Maryland Attorney General J. Joseph Curran, Jr., announced that Derek D. Hayes, of Baltimore Maryland, was convicted of insurance fraud in the Circuit Court for Howard County on March 30, 2004.
The conviction follows a joint investigation conducted by the Insurance Fraud Division of the Maryland Insurance Administration and the Office of the Attorney General. The Baltimore City Police Department employs Hayes as a police officer. He had been charged with engaging in a continuing course of conduct between Oct. 10, 2004 and Oct. 25, 2002 in which he is reported to have knowingly presented false information to State Farm Insurance Companies in an attempt to support a false claim for a laptop computer.
Evidence presented by the prosecutor included that on Oct. 10, 2002 Hayes reported to State Farm Insurance Companies that his car had been broken into and that items including a laptop computer had been stolen. Hayes originally told representatives of the insurance company that the computer was a Panasonic compact computer that had been a gift from a person who was no longer alive.
Hayes was interviewed by a company representative on Oct. 25, 2002 and reportedly stated, among other things, that the computer was a Dell computer, that the laptop had been given to him within the prior few months following the death of his grandfather, and that he used the computer during his patrol work as a police officer.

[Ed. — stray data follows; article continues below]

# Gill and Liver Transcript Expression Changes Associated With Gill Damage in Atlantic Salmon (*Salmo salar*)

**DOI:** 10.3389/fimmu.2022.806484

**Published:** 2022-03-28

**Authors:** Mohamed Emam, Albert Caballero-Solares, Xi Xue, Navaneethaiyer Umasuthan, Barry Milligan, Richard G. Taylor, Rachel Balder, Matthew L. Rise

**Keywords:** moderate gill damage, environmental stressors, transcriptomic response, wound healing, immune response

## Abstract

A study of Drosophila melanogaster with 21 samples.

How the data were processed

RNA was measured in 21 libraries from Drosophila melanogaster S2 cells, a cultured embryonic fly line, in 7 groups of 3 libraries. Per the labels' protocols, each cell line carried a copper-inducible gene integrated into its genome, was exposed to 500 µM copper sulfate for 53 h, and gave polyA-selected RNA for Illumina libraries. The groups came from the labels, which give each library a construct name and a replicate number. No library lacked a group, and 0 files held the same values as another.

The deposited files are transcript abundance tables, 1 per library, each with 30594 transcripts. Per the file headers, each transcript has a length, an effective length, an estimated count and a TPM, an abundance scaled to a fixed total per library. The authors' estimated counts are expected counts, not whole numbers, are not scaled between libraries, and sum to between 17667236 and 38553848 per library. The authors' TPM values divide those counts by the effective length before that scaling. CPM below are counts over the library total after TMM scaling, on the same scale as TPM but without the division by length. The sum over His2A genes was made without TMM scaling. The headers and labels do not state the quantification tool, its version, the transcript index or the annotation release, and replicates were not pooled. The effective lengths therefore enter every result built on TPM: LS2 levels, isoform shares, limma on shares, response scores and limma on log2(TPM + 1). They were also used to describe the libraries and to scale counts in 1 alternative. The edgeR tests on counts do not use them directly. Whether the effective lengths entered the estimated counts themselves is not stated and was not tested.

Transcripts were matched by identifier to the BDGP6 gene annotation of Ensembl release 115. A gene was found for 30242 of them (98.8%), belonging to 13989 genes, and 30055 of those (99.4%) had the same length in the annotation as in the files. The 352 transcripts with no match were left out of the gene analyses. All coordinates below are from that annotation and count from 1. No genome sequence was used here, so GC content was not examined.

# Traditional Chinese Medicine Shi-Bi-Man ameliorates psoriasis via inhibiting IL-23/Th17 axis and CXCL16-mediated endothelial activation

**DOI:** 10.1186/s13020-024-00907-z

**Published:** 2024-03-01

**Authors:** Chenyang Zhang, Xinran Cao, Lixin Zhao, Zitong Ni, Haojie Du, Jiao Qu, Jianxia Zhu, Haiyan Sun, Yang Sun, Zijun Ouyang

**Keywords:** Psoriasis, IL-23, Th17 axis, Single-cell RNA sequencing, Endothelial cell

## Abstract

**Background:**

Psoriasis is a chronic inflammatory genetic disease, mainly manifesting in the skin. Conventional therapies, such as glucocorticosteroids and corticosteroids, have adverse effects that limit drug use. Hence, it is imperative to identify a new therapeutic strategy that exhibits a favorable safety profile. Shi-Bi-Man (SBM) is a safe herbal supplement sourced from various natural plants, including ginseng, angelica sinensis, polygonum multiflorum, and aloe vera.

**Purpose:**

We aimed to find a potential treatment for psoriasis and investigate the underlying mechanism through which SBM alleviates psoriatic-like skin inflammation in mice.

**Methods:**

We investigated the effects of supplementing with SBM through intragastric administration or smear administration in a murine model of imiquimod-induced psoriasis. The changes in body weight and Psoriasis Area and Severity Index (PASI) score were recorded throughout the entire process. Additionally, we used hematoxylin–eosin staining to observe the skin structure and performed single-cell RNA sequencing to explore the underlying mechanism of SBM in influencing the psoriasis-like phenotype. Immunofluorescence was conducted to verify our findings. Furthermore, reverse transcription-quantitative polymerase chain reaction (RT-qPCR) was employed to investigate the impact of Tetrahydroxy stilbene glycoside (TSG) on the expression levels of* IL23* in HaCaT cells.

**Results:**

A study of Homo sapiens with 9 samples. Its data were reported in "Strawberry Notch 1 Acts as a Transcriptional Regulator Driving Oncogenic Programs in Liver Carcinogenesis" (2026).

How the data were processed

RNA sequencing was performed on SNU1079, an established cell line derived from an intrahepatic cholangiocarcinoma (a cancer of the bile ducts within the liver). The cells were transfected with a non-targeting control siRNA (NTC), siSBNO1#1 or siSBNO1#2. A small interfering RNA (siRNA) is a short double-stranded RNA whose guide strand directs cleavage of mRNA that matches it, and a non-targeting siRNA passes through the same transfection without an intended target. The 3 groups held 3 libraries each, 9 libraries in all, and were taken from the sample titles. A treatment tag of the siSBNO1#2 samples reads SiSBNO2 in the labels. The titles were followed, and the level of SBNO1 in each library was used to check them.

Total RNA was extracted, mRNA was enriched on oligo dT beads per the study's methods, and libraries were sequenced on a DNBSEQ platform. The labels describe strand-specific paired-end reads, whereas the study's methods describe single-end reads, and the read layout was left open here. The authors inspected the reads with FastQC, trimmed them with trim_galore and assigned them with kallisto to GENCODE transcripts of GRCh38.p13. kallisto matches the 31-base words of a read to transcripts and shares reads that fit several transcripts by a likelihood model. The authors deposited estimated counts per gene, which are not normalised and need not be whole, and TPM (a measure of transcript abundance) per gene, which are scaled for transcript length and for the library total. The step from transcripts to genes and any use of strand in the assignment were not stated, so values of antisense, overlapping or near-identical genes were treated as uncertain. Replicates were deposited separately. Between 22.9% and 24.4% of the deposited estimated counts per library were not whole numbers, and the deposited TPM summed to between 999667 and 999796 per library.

Later in the same interview Hayes reportedly stated that the same grandfather died about a year earlier, and later yet in the interview that the grandfather died in 1996. Hayes did not respond to requests by State Farm Insurance Companies after the interview on Oct. 25, 2002 that he submit a “Sworn Proof of Loss”. Hayes’ claim was closed by the company without payment on Dec. 2, 2002.
An investigation revealed that Hayes’ grandfather died in 1994. Interviews of Hayes’ colleagues on the city police force failed to substantiate his claim that he used a laptop computer during his work as a police officer.
Additionally, a review by the Maryland State Police of documents submitted by Hayes in support of his claim found that the laptop computer described in the documents could not have been produced before July 2001.